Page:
Sundance Channel Renews ‘Rectify’

Courtesy of Sundance TV

Program is the cable net's first foray in the original scripted space

Sundance Channel has ordered a second season of “Rectify,” the cabler’s first wholly owned original scripted series.

Drama, which bowed on Sundance on April 22, centers on a man released from prison after spending almost twenty years on death row. The Aden Young-starrer is from the producers of “Breaking Bad” and received positive response from critics.

“We feel as though this story has tapped into something truly unique, with both critics and audiences using their platforms to share such strong, personal reactions to this very distinctive TV series,” said Sarah Barnett, topper of the cable network. “There’s so much drama and character that’s been set up in the first season, it will be electrifying to see where ‘Rectify’ goes in season two.”

Sundance ordered 10 episodes for the program’s second run, and plans to bow them next year.

“Rectify’s” first season — a relatively short six episodes — will come to a close on May 20.

“Rectify” is created and written by Ray McKinnon and executive produced by Mark Johnson and Melissa Bernstein.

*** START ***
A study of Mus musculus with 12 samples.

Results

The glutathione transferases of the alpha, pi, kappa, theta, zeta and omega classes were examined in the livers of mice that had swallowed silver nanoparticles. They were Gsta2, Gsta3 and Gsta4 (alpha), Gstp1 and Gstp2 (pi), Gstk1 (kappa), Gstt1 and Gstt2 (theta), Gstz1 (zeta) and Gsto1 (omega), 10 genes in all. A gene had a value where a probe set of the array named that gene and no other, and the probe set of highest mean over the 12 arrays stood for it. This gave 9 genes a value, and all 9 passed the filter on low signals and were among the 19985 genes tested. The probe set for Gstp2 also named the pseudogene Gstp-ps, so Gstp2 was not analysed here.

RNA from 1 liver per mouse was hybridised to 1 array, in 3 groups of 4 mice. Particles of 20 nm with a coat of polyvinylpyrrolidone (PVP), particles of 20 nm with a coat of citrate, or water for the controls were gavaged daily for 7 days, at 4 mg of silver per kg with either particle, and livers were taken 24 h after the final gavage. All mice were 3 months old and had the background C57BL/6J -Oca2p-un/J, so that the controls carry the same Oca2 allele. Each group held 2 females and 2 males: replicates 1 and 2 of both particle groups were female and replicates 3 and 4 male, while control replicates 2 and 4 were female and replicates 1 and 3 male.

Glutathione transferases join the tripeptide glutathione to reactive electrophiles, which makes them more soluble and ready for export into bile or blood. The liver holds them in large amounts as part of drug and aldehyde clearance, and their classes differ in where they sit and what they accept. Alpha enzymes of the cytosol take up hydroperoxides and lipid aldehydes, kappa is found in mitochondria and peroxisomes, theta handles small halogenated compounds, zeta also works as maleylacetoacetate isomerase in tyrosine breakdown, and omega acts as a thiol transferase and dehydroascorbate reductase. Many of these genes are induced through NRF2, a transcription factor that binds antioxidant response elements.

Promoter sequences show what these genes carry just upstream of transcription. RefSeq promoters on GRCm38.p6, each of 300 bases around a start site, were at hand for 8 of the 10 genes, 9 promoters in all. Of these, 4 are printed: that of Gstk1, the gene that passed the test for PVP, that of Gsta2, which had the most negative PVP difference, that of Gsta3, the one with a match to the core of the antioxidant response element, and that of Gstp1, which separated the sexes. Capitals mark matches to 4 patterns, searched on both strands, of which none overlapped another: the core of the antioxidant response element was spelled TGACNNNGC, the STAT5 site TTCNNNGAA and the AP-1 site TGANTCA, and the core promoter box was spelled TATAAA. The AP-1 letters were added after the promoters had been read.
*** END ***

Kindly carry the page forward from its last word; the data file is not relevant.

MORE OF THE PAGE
Glad Sundance renewed the program. I was worried when season 1 ended after only six episodes. I thought maybe it had lost its funding. The program is dark and painful yet compelling; it’s not only well plotted, but the writers give the characters (especially Daniel and his sister) some great dialogue…e.g., “It’s the beauty hurts more than the ugly.” I could understand if it did not find an audience right away. I hope that the tone will fill out a bit next season; all that darkness could perhaps use some light as a contrast. I thought David Milch did that well in Deadwood. Rectify’s writer/producer Ray McKinnon acted on that show; he played Reverend Smith, the preacher who died of a brain tumor. I hear some of the same poetry that imbued Deadwood in Rectify. I wonder if McKinnon was one of the writers for Deadwood, too. If so, it would explain why I hear some of the Reverend Smith’s lyrical prose in Daniel. In any case, I think McKinnon is a beautiful writer.